The Shadow Minister for Indigenous Australians, Linda Burney, is passionate about the Aboriginal flag — she even has it tattooed on her arm.
- A clothing company is at the centre of a campaign to “free the flag” after it issued cease and desist notices to sporting codes
- Shadow Minister for Indigenous Australians Linda Burney is in the process of drafting a bill over the issue
- Minister for Indigenous Australians Ken Wyatt warns Labor is risking “delicate” negotiations with their plan
The Wiradjuri woman, and first Aboriginal woman to be elected to the House of Representatives, is in the process of drafting a private member’s bill designed to “free” the flag.
The Aboriginal flag was designed by Harold Thomas, a Luritja man, who put together the black, red and yellow design for a 1971 event.
He holds the copyright and has granted licences to a flag maker, souvenir business and a clothing company called WAM Clothing.
WAM Clothing, which is not owned by Indigenous Australians, has been at the centre of a campaign to “free the flag” after it issued cease and desist notices to sporting codes that used the flag on clothing and approached other organisations that it maintained were using the flag without providing payment.
The issue was raised again in recent weeks when AFL fans were urged to bring their own flag to the Dreamtime round of the competition.
The sporting body chose not to pay for the flag to be displayed on the sporting field.
Bill still a draft, everything on the table
There are no details about what the private member’s bill might contain and whether it could go so far as to suggest compulsory acquisition of the copyright.
Given the Government has the majority of votes in the Lower House, there is also no guarantee such a bill would have any serious prospect of being passed into law.
But the Minister for Indigenous Australians Ken Wyatt has already warned that Labor is risking “delicate” negotiations over the flag, just by raising the prospect of allowing MPs a say in deciding the flag’s future.
Mr Wyatt said he was already working to resolve the matter and had held discussions with Mr Thomas.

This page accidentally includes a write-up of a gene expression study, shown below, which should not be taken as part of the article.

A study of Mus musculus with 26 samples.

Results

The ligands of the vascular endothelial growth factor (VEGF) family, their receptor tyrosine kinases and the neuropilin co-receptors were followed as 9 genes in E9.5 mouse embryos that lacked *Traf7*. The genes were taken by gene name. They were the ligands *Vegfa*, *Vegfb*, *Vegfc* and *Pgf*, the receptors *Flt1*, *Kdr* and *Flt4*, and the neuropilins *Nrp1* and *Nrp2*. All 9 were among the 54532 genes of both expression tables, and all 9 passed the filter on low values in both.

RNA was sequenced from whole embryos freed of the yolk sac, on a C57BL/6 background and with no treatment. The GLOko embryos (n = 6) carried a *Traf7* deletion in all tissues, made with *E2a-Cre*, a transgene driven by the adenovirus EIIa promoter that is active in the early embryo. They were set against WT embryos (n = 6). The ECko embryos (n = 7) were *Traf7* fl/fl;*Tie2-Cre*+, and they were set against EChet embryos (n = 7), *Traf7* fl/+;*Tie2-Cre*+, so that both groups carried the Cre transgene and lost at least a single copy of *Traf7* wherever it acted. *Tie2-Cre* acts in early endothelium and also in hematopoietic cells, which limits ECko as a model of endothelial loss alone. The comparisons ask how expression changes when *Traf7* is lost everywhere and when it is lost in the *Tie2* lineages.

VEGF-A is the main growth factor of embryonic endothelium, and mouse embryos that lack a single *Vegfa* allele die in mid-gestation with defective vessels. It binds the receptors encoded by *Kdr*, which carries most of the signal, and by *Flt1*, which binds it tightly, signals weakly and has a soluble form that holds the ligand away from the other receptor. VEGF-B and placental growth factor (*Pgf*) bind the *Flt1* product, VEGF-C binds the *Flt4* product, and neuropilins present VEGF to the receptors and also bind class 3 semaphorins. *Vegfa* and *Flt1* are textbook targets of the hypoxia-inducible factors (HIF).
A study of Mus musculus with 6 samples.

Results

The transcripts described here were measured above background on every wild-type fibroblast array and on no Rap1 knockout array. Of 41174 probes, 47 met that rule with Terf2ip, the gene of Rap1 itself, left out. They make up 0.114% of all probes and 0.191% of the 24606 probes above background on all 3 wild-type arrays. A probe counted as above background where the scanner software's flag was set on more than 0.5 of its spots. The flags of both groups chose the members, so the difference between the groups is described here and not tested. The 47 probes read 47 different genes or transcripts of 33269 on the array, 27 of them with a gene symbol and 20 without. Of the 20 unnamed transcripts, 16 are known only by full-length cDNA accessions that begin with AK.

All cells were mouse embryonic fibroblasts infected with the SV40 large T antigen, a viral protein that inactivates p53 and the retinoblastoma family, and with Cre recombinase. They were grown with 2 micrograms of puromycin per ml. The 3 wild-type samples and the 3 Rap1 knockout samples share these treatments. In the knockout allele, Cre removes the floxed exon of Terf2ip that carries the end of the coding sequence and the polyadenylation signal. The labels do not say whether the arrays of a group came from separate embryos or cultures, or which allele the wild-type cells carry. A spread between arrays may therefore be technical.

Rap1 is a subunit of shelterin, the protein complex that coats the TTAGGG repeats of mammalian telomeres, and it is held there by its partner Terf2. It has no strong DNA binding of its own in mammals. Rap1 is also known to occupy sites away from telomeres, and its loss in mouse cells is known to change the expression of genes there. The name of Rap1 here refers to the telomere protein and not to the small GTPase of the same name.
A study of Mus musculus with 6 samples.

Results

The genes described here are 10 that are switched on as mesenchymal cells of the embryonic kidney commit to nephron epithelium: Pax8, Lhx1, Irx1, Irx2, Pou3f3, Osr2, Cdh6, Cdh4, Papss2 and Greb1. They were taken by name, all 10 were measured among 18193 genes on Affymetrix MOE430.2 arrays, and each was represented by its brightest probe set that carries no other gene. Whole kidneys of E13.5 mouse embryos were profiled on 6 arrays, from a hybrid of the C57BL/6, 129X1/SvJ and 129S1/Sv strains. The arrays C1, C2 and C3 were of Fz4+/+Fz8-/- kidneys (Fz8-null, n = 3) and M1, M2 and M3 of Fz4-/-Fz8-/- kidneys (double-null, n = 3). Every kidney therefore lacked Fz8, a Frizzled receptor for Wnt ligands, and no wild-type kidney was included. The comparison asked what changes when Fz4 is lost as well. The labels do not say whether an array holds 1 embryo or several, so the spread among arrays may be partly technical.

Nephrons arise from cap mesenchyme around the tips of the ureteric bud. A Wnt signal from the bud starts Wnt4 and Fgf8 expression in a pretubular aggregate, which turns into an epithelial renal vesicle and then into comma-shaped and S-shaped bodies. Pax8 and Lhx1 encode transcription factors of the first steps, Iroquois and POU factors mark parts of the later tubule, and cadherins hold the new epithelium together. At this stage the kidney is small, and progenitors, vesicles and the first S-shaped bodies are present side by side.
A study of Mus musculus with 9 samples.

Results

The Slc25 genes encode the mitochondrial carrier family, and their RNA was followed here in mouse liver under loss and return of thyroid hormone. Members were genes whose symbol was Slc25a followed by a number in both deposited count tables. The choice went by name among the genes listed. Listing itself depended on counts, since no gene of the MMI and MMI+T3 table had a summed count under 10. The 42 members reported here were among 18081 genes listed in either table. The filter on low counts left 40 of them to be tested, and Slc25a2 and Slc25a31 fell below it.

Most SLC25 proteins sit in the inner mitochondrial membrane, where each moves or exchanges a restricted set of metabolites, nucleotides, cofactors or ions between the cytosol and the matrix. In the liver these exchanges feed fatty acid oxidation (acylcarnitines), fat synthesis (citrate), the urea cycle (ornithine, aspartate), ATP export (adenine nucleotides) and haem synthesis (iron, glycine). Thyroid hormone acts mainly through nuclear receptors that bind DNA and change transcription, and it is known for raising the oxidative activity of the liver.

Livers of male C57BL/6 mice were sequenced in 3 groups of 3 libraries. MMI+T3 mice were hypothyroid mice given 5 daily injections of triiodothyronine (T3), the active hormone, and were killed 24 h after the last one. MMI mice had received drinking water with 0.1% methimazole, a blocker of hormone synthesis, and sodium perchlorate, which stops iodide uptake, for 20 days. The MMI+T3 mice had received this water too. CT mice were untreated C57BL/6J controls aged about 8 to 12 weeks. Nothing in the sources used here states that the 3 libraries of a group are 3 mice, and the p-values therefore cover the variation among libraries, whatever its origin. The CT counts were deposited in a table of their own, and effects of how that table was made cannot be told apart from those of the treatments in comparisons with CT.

“It is a delicate and sensitive matter, and the Government respects the copyright of Mr Thomas and the interests of all parties,” a spokesperson for the minister said.
The Minister maintains the private member’s bill “will not free the flag”, arguing Labor is wrong to suggest it would.
“The Australian Aboriginal flag can continue to be flown freely, as per the intention of copyright holder Mr Thomas. Any suggestions that it can’t be flown freely are again misleading.”
Flag being held ‘hostage’
Earlier this week, Ms Burney told Parliament Mr Thomas had “every right” to do as he wished.
“The Federal Court has recognised Harold Thomas as the author of that flag, and that is an important point in this discussion. Harold is a deeply respected Luritja man from Central Australia,” she said.
“But we also say very much that, while we recognise Harold’s copyright, Australia is made up of many Aboriginal nations — hundreds, as well as the Torres Strait — and the Aboriginal flag is one symbol that unites those Aboriginal nations.”
She said many people had been “shocked and appalled” by the restrictions that had recently come into force about the use of the flag.
“The takeover of the flag by private interests has appalled so many people, particularly because WAM Clothing has publicised links to another corporate entity, Birubi Art, a company which was last year fined $2.3 million after being prosecuted by the ACCC for selling fake Indigenous art made overseas,” she told Parliament.
She said the flag was being held “hostage” and it was an issue of morality.
WAM Clothing points to concessions
Last week WAM Clothing issued a statement on its Instagram page saying Mr Thomas was paid royalties under their agreement, and stressed that the licensing deal did not stop people from “flying the flag”.
The statement said WAM Clothing was “not stopping Aboriginal people or the community from using the flag for personal use” but when it is used on clothing for commercial reproduction “then we need to talk”.
The statement goes on to say WAM Clothing had made concessions, like allowing the use of the flag without charge on a small run of jumpers being distributed among elders.
It also points to an instance where an Aboriginal community wanted to put the flag on flyers for social club events, and that was allowed without a fee being made payable.